5 Responses to “Music Research: Legal Hits Just As Dominant On P2P”

  1. Peter Ely

    First, wake me up when Pirate Bay wants to negotiate a deal to distribute content legally. The studios and labels have been using P2P for some time. Technology is morally and legally neutral. It is the abusers of artists' rights that are the problem.

    Secondly, the Long Tail misses the key curve that (not surprisingly) invalidates it as a useful concept for inspiring artists. While the curve illustrates that even obscure content will be found over a long period of time, it neglects to include the curve that shows that the amount of content available for discovery is increasing much faster than the curve declines. That means that while even 'obscure' music has a category has a long life, the odds of any particular song being found, and any particular artist benefiting from the discovery, decreases rapidly over time. Chris Anderson, who controls the major media whose audience cares about this concept (Wired and related sites/communities) may be able to repeat the idea that the Long Tail is good for artists, but the basic trends readily observable on the web don't bear him out.

  2. I think this does not refute the long tail argument. If I recall correctly, The Long Tail does not say that there will not be any hits. It's just that the hits are not as big and the 'long tail' makes up a larger proportion of the overall market. In the 90's a hit record could sell over 5 million records and there were several of them breaking this mark in a given year. I'm sure there are no albums selling this well any more. Also, the book gives the example of "I Love Lucy" and how something about 70% of the TV audience would tune in. Clearly, no show can capture that share any more. Perhaps Chris Anderson's claims might at times be overstated or not reached yet, but the trends still support the basic theory.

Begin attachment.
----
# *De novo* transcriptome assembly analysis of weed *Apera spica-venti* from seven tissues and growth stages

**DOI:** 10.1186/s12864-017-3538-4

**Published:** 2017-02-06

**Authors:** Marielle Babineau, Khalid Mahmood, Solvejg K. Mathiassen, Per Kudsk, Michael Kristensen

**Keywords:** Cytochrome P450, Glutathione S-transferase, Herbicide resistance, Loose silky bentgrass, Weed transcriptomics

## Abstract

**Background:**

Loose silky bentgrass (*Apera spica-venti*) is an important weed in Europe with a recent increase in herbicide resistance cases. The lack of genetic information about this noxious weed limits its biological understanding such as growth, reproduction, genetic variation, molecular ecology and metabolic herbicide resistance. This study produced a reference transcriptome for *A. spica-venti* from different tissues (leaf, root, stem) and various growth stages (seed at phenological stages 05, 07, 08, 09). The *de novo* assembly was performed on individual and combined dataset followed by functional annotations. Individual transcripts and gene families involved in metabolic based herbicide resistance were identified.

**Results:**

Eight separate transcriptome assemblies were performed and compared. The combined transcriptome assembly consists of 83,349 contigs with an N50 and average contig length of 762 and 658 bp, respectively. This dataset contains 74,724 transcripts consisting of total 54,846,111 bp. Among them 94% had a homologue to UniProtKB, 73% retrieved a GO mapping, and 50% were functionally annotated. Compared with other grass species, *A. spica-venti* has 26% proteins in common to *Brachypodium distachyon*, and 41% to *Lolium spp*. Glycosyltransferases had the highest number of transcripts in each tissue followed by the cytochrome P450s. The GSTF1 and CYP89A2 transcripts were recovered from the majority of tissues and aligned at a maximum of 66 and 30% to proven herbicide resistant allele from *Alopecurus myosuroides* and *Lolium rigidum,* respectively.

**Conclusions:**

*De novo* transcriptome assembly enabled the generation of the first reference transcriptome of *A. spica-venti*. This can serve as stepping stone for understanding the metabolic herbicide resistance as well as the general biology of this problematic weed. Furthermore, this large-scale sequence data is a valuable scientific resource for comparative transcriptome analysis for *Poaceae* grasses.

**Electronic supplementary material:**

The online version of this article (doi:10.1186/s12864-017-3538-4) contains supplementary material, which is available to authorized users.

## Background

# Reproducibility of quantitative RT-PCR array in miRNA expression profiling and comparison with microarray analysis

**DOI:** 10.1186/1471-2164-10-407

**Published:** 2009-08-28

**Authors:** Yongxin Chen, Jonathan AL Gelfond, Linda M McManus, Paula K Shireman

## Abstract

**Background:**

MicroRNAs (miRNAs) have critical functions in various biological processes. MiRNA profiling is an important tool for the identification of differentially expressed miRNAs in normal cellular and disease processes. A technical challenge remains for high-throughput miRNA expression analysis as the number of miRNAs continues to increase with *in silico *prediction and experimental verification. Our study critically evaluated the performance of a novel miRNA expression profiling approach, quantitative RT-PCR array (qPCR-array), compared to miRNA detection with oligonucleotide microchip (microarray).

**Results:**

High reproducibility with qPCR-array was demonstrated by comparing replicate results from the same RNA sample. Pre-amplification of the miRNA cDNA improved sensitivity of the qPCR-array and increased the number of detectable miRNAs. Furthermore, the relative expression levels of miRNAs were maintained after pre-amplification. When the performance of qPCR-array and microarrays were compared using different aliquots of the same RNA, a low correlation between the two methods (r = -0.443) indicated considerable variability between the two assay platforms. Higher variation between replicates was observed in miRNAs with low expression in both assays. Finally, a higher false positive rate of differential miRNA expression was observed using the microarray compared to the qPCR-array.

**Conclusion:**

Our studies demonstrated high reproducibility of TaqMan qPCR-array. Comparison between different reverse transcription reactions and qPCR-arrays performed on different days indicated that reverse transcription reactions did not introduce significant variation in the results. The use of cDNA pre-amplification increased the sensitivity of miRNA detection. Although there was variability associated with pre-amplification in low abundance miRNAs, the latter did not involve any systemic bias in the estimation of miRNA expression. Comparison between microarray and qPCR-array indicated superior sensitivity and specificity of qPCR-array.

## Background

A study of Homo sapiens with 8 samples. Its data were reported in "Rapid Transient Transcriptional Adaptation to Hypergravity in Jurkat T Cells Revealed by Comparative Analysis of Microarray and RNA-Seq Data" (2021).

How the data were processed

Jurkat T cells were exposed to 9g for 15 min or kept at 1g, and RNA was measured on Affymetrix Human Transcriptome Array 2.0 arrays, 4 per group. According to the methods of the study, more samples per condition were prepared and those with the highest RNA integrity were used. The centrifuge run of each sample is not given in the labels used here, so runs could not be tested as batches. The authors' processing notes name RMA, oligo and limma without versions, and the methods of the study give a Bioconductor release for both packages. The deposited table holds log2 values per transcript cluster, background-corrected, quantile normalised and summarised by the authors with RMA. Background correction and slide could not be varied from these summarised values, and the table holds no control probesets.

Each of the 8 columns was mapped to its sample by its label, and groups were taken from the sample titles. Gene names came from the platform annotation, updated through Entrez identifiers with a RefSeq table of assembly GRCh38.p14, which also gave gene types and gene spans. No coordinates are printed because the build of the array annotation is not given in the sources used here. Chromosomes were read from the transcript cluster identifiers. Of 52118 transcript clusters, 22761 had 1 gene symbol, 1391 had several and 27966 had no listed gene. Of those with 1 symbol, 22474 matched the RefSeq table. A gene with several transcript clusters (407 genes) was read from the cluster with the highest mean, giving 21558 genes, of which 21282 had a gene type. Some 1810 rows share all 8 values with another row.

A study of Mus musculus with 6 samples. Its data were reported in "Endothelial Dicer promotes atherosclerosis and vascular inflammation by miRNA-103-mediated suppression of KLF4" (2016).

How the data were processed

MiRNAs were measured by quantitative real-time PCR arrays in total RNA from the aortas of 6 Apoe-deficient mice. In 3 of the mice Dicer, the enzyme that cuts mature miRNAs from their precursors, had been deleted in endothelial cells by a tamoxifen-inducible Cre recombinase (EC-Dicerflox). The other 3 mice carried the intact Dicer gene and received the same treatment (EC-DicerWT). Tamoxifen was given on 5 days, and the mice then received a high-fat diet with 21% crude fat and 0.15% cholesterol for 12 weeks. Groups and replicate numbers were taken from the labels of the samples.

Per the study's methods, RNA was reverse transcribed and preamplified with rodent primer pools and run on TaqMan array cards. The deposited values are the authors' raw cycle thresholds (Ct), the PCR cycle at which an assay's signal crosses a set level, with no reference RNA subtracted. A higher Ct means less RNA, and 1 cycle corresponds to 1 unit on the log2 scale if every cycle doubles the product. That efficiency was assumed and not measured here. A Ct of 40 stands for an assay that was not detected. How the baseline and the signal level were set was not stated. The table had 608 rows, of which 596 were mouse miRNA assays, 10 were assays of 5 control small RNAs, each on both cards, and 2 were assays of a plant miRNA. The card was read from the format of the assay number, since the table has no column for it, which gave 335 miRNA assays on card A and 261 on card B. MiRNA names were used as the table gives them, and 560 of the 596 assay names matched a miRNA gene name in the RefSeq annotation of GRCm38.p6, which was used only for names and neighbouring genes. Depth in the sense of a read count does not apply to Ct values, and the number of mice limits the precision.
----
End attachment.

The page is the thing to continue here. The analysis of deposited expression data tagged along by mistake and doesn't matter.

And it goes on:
3. The Web music market disproves not only Anderson's theory of the Long Tail, but also Clay Shirky's one about "free" downloads being always more attractive than the ones users have to pay for, even if it is pennies. Shirky like to say that "people hate to be nickel-and-dimed."

    Well, it is not the price that makes Web music attractive or not, it is its perceived quality or popularity. And, I am glad Pages's study seems to confirm that. Because I believe the same is true for other types of digitally available content, such as pictures, video clips, magazine articles or even news. Web users would love to get all they want for free (and quickly and safely, too), but as Page suggests, given the choice between a free but unknown tune or even hundreds of such, and the newest hits by Lady Ga Ga, they will download the later, even if it cost them something. — 99 or 69 cents! Come on!